Nicholas Love, Mirror of the Blessed Life of Jesus Christ, A Critical Edition. ed. with intro and notes by Michael G. Sargent New York: Garland Publishing, Inc., 1992. Readers urged to see themselves as bodily present 

Kempe describes (Chap. 73) a procession on Holy Thursday that prompts her to see in her soul the actual moment when Christ parted from his loved ones. Similarly she talks about beholding the moment when the Virgin appears to die and how she spoke to Kempe. 

At the account of the Crucifixion on Friday (Ch. xliii p. 176 lines 7-13), Rolle urges:-

Take hede now diligently with alle thi herte, alle tho thinges, that be now to come & make the there present in thi mynde, beholdyng alle that shale be done ayeynus thi lorde Jesu & that bene spoken or done of him. And so with the innere eye of thi soule beholde // sume, settyng & ficching the crosse fast in the erthe. Sume makyng redye the nailes & the hameres to dryue hem with. . . etc.  At the closing meditation for Friday, Love urges readers to imagine that they are comforting the Virgin and apostles, urging them to eat and sleep after the burial of Christ. (Ch. xlviii, p. 190, lines 15-10) And thou also by deuoute ymaginacion as thou were there bodily present, confort oure lady & that felawshipe praiyng hem to ete sumwhat, for yit thei bene fastyng, & after to slepe, bot that I trowe was ful lytel. & so takyng hir blessyng, go thi weye at this tyme.  The gentleness and physical beauty of Christ

Margery Kempe's description of Christ as a beautiful man (most semly, most bewtyuows, and most amyable that evyr mygth be seen Ch. 1 lines 169-70) is articulated in several passages of the Mirror. The reader is asked to imagine Christ at the beginning of his passion. (Chap.xl, p. 161, lines 24-28 and 31-33, p. 162, lines 1-3)

Wherefore thou shalt ymagine & inwardly thenk of him in his passione as of a faire younge man of the age of xxxiii yeare, that were the fairest, the wisest, the most rihtwise in lyuyng & moste godely & innocent, that euer was or miht be in this worlde. . . . Also vnderstonde as clerkes seyne & reson techeth, that in his bodily kynde of manne, he was of the clannest complexione that euer was manne or miht be. Wherfore he was the more tendire in the bodye. And so foloweth, that the peynes in the bodie were the more sore & bittere, & the hardere to suffre.  At the scourging he is described naked and fair (Chap.xli, p. 170, lines 39-44)  So stant he nakede before hem all, that fairest younge manne of all childrene that euer were boren takyng paciently of thoo foulest wrecches, the hardest & most bitter strokes of scourges, & so is that moste innocent, faireste & clennest flesh, floure of all mankynde, alle to rente & fulle of wondes, rennyng out of alle sides that preciouse kynges blode.  Great sorrow of the Virgin and the readerís compassion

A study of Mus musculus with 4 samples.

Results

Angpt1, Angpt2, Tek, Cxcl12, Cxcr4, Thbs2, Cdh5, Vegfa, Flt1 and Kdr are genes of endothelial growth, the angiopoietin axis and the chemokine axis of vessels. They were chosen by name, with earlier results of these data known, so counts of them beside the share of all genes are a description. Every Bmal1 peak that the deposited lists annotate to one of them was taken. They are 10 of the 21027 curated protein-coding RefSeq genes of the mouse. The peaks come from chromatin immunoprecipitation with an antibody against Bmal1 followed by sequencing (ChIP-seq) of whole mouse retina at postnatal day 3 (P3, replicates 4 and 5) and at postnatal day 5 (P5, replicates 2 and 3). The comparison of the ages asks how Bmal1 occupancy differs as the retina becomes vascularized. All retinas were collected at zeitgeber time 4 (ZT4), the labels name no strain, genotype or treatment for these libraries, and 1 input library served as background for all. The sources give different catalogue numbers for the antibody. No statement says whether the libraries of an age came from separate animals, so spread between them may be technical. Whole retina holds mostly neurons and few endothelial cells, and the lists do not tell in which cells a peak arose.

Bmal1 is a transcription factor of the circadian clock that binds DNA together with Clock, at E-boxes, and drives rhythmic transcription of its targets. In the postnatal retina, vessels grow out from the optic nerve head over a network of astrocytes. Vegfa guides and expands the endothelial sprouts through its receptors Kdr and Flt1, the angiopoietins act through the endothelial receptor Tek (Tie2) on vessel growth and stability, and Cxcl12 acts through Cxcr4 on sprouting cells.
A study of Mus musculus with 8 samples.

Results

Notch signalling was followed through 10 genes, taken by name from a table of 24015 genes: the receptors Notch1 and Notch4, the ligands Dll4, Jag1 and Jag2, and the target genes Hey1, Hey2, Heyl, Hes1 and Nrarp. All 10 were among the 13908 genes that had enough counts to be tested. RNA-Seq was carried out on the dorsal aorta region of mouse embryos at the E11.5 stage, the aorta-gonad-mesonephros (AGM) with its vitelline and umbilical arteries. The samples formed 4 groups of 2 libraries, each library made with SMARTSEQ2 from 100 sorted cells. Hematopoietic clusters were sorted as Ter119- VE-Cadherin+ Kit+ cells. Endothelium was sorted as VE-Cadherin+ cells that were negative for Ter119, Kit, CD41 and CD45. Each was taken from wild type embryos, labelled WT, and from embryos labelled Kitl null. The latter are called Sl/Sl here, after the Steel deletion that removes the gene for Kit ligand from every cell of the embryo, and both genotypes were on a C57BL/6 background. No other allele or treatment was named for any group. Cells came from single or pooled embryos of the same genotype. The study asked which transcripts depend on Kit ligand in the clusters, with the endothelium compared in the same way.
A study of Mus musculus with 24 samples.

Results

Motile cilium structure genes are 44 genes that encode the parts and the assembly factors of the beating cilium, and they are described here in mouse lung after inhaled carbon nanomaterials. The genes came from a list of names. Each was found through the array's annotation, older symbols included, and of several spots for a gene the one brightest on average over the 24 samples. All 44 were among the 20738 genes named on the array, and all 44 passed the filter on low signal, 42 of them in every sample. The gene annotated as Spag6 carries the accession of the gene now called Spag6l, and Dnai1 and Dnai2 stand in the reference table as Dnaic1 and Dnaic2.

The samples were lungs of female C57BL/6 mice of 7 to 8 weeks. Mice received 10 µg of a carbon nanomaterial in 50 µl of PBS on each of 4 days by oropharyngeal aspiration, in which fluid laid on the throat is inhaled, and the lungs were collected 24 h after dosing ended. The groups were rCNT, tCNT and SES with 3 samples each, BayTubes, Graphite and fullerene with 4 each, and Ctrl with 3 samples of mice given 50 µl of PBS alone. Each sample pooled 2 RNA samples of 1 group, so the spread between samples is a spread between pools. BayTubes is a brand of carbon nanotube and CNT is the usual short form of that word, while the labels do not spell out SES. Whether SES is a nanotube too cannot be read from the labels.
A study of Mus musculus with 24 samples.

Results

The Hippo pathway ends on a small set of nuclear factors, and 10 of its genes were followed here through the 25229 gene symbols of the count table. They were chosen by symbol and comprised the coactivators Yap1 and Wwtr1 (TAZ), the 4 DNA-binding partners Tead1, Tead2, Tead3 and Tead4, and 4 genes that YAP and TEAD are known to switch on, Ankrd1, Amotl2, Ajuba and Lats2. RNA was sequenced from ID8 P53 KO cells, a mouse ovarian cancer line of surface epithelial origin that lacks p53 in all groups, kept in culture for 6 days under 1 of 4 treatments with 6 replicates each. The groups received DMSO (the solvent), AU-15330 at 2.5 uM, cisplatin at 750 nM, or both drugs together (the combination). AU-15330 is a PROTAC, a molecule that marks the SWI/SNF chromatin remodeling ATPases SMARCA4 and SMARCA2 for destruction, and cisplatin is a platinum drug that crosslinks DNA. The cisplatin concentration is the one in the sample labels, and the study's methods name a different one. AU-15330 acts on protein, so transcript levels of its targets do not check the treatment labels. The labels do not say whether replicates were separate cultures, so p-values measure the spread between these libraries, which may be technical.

The extreme sorrow of the Virgin, even to pleading that she be buried with her son, appears in both Loveís and Kempe's meditations. Kempe describes the Virgin holding her son after he is taken down from the Cross and pleading: 

"Serys, wolde ye takyn awey fro me my Sonys body? I myth nevyr lokyn upon hym inow whil he levyd; I pray yow, late me han hym now he is ded, and partith not my sone and me asondyr. And, yyf ye welyn algatys beryin hym, I prey yow berith me wyth hym, for I may not levyn wythowtyn hym." (Ch. 80 lines 4611-14). Love also describes that moment: Goode bretherne take not so soyne my childe fro me, rathere birieth me with him (Chap.xlvii, p. 186, lines 7-8).

The lamentation over the body of Christ is vividly depicted in both texts. Love explains that Mary Magdalene is at Christ's feet, and the Virgin holds his head. (Chap.xlvii, p. 186, lines 18-19)

And than Jon, Nichodeme, Joseph & othere // begunne to anoynt the bodie, & wrappe it in lynene clothe, as it was the manere of Jues biriynge. Neuerles oure lady kept alweye the hede in hir barme, fort diht that hir self & Maudeleyn the feete.  Kempe is similar, explaining that the Virgin "bowyd down to hir sonys body and kyssyd hys mowth" and that Mary Magdalen asked, "Lady, gyf me leve to handelyn and kissyn hys feet." (Ch. 80, lines 4595-99)

A long passage in the Mirror, noted in Latin in the margin by nota verba domine contains the lamentation of the Virgin. Jesus is called her "sweet son" and her tears over his head are more copious than those that the Magdalene spent washing Christ's feet (Chap.xlvii, p. 187, lines 1-31). Bot sithen I may not be biriede with te bodily, at the leste I shalle be biriede with the gostly in mye mynde (lines 23-24).